I was testing the TG software (timegrapher), which is at last working properly on my setup. I tested a number of my watches previously tested on a timegrapher and with watchcheck and initially I was surprised that all my watches were doing much worse, apart from my ETA Tissot which was doing +1s as always. To cut a long story short I had just shook then a bit the watches and not fully would then before the measurement. My most accurate miyota was doing +1 s when fully would, but only +7 s when the spring had no tension. An NH35 was doing +5 s fully would, but only +12s when not fully would, another chinese one was the most trivial. +20 s unwound and only+3s fully wound.

It is normal even though I wasn't expecting so high differences.

So the question is do you fully wound your watches before wearing them? If you had a single watch it could be fully wound most times, but if you rotate with sometimes more than one watch in the day I don't think this would be the case.

Simply no.

Modern watch movements have very efficient automatic winding mechanism. A couple of handshakes are enough to start the watch.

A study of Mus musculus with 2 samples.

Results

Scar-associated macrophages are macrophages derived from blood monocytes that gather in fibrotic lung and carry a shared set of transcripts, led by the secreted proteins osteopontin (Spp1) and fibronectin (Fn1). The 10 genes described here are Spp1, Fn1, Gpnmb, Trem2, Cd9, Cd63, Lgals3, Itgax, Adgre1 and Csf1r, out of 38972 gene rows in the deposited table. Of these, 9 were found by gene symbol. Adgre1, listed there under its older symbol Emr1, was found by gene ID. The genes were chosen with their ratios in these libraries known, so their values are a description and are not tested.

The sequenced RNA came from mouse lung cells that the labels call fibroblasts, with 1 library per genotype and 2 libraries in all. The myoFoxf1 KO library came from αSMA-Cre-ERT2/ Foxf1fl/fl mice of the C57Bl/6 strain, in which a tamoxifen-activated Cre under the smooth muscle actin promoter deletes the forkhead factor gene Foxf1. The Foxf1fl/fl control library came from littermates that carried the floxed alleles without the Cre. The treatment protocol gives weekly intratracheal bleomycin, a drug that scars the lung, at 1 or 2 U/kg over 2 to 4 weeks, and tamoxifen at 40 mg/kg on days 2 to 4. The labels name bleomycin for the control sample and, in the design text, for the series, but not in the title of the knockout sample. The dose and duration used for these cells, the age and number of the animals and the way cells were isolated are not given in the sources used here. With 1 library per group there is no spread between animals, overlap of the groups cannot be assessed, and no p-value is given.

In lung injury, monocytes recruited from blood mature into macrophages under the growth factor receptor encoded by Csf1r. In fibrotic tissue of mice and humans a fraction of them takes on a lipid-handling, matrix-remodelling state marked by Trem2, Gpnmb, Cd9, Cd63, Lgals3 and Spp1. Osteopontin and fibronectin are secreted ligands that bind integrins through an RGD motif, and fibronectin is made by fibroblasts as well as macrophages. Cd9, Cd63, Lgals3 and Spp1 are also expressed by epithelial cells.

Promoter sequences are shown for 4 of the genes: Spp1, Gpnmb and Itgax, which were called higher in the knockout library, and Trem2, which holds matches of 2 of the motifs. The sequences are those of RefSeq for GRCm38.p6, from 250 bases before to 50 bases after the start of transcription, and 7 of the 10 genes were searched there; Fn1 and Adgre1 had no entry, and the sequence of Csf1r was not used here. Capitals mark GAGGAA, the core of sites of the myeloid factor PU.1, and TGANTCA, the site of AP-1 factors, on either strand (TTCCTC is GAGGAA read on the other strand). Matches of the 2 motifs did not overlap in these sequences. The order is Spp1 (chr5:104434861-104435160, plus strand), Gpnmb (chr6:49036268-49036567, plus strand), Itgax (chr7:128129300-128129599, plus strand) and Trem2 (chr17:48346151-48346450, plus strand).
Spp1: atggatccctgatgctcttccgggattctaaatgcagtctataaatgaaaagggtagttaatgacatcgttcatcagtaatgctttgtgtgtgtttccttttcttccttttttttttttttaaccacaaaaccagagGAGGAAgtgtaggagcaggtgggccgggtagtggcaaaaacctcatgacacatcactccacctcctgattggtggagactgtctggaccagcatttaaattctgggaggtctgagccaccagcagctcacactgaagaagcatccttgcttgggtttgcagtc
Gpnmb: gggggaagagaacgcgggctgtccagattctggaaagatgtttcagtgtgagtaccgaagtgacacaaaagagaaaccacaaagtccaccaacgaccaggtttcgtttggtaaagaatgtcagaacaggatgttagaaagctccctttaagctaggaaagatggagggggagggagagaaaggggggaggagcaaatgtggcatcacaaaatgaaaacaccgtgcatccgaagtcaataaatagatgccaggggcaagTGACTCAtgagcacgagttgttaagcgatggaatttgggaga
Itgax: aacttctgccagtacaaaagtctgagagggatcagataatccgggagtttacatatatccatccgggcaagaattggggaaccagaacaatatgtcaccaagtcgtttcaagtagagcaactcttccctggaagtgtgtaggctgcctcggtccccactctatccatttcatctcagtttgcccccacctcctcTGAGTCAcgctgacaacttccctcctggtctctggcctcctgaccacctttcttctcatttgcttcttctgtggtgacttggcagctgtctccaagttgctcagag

When first getting into the hobby I was obsessed with accuracy. Now I see that since I will not be wearing a watch anyhow for more than 1-2 days in a row even +/- 30 s per day is not such a big deal (I have one watch that is +30 s when wearing it from stop, while when fully wound this goes down to 14 s/d).

I also have another bad habit. While I am at the office working, I put the watch on and off the wrist multiple times. Sometimes it might be on the desk even for hours before wearing it again. This means that while the watches are ok for operation from the minimal wrist time, they will almost never be fully wound.

Nowadays I have just 3 watches with a tongji movement. One has a fully working one (Tevise T802) so it auto winds and I face no trouble at all. The second is a Tevise T801 which I will keep since it was my first chinese watch, but I don't wear it at all since getting the Pagani Design submariner homage and finally I have a Jaragar Hublot homage which never self-winds. When I get the time I will try first on the T801 to remove the not working auto winding mechanism and if this goes well, will do the same in the Jaragar.
 

Yeah I do the same. Haven't even timed most of my pieces for accuracy.

I just saw that the phone wrote wrong instead of wound on the topic title. If a mod can change it I would be grateful!!!